Suppose that I invent and use a machine to steal $15,000 every year from each of 500,000 poor Americans, with the $7.5 billion being transferred into my Swiss bank account. After skimming off a few hundred million bucks to cover processing and handling expenses, I share the bulk of these proceeds with about 16.5 million friends. And this machine operates so deviously and secretively that my victims have no idea that I'm taking their money.

Am I acting immorally? Is the $7.5 billion that I pilfer each year stolen property that should be returned to its rightful owners rather than given to my 16.5 million friends?

Most people would answer “yes” to both questions. But some politicians, pundits and even (I'm ashamed to say) economists might answer no.

Of course, when the question is worded as it is above there will be only “yes” answers. If, however, the wording were changed a bit, many people would switch their answers from “yes” to “no.” Here's the changed wording: Suppose that I invent and use minimum-wage legislation that, by casting 500,000 low-skilled workers into the ranks of the unemployed, causes these workers' annual incomes to fall from $15,000 to $0. But the legislation also raises the wages of 16.5 million other workers. In effect, the incomes lost by the now-unemployed workers are transferred to the still-employed workers.

Am I acting immorally to use this legislation? Is the $7.5 billion taken annually from the 500,000 workers who lose their jobs and given to the other workers who keep their jobs stolen property that should be returned to those unemployed workers — returned in the form of opportunities to regain their jobs?

Politicians, pundits and economics professors who've read the Congressional Budget Office's February report on raising the minimum wage to $10.10 per hour, yet who continue to endorse a higher minimum wage, evidently believe that it's morally acceptable to steal $15,000 annually from some poor workers if the proceeds are given to other workers.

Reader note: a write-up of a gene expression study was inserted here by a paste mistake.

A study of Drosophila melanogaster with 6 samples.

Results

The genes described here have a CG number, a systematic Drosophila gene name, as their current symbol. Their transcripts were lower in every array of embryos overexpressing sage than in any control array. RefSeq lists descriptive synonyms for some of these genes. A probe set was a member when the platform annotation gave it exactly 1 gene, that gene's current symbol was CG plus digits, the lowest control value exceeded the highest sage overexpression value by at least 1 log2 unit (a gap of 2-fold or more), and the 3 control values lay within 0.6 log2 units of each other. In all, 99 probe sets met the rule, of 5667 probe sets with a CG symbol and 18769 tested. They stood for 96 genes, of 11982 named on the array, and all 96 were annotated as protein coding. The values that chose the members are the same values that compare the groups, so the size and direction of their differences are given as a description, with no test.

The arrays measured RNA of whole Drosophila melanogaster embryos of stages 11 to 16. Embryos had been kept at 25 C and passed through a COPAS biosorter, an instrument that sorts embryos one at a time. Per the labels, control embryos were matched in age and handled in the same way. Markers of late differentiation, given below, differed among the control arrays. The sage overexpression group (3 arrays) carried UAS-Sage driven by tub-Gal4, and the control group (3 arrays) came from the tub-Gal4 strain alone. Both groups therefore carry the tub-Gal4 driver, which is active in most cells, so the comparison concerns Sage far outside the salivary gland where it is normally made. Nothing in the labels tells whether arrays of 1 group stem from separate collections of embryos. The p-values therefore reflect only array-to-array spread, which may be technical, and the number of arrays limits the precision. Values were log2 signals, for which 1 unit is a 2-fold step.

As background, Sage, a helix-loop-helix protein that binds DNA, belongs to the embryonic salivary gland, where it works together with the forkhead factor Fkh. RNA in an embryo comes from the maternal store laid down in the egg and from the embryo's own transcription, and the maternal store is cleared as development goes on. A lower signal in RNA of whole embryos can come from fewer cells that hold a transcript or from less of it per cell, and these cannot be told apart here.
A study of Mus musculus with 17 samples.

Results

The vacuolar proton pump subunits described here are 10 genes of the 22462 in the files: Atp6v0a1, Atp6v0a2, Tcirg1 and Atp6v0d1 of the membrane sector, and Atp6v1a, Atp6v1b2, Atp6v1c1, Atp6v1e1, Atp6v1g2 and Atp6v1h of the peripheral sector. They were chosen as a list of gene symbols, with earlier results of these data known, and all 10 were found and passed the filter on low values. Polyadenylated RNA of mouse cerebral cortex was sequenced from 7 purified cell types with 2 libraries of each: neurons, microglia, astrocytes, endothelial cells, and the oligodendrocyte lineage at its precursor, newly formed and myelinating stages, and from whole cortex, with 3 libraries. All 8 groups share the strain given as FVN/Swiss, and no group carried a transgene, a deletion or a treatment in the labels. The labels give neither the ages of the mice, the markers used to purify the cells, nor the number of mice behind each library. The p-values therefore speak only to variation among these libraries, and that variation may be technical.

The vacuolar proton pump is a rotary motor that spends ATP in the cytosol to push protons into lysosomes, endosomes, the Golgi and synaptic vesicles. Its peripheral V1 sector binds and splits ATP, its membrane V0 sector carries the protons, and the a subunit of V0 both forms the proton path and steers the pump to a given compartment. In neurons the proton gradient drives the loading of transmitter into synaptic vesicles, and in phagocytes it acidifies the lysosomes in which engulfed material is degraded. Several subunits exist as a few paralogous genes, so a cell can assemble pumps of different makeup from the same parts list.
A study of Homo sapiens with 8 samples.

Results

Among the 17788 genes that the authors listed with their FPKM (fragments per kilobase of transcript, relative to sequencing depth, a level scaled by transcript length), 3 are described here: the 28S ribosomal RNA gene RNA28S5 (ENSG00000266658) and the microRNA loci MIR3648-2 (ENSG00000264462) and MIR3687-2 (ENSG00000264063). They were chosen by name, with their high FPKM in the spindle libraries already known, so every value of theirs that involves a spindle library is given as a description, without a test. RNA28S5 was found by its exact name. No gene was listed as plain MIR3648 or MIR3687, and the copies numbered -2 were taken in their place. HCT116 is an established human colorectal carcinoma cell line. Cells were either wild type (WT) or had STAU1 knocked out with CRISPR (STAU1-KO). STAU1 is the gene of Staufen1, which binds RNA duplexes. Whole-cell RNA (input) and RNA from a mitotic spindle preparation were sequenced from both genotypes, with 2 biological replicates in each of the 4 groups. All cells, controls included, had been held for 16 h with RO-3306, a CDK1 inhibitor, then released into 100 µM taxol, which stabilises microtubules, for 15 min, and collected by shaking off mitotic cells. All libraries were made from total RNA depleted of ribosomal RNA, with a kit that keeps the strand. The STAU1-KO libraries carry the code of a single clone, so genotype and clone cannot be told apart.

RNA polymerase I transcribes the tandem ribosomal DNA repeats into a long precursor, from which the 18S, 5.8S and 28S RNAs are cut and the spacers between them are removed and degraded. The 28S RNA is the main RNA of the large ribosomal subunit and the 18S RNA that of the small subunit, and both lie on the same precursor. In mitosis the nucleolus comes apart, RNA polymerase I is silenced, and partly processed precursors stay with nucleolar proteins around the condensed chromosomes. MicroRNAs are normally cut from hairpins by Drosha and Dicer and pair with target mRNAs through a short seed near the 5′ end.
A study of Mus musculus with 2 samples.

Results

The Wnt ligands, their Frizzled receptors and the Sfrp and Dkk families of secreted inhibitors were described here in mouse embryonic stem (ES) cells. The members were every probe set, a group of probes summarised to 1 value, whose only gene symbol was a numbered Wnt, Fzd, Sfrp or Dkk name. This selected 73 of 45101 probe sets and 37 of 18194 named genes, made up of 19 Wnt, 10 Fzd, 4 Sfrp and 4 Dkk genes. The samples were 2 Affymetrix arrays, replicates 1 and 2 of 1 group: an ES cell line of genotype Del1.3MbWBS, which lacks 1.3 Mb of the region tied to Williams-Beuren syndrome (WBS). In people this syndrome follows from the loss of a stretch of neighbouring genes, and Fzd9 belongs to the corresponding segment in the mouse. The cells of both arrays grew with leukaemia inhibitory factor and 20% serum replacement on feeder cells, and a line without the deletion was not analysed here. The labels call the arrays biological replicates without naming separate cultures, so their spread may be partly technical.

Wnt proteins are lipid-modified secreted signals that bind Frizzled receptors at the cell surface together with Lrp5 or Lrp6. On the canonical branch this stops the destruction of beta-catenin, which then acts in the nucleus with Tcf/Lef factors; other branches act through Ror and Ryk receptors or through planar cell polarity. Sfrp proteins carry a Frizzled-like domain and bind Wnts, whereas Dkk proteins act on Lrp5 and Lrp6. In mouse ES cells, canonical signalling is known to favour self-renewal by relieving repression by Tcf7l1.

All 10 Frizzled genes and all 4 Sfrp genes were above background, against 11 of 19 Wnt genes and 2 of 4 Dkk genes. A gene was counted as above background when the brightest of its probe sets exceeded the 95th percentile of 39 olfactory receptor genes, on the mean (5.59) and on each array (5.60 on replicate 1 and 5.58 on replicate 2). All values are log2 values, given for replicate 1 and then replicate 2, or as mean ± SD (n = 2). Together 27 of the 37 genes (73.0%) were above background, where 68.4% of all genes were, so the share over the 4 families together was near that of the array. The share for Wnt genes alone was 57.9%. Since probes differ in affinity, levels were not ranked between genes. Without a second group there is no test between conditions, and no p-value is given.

The CBO study concludes that raising the federal minimum wage from $7.25 per hour to $10.10 per hour will indeed — as basic economics predicts — reduce employment among low-skilled workers. Specifically, the CBO predicts that this higher minimum wage will destroy about 500,000 jobs. The study also predicts that about 16.5 million other workers will receive higher pay as a result of a higher minimum wage.

“QED!” conclude proponents of raising the minimum wage. “The number of job losses is small compared to the number of people whose wages will rise. Therefore, the minimum wage should be raised!”

Yet anyone who uses this reasoning to approve and applaud a hike in the minimum wage should logically also approve and applaud the use of a machine that arbitrarily robs 500,000 poor people, year in and year out, of $15,000 each and then transfers much of the booty to other people.

Reasonable people can dispute the CBO's specific predictions. (I believe, for example, that the method used by that agency to calculate the number of jobs destroyed by raising the minimum wage leads to an underestimation of job losses.) No matter. Anyone who supports artificially raising the wages of some workers through a policy that causes other workers to remain unemployed is someone who believes that it is moral for government to arbitrarily impoverish some people in order to raise the incomes of others.

Donald J. Boudreaux is a professor of economics and Getchell Chair at George Mason University in Fairfax, Va. His column appears twice monthly.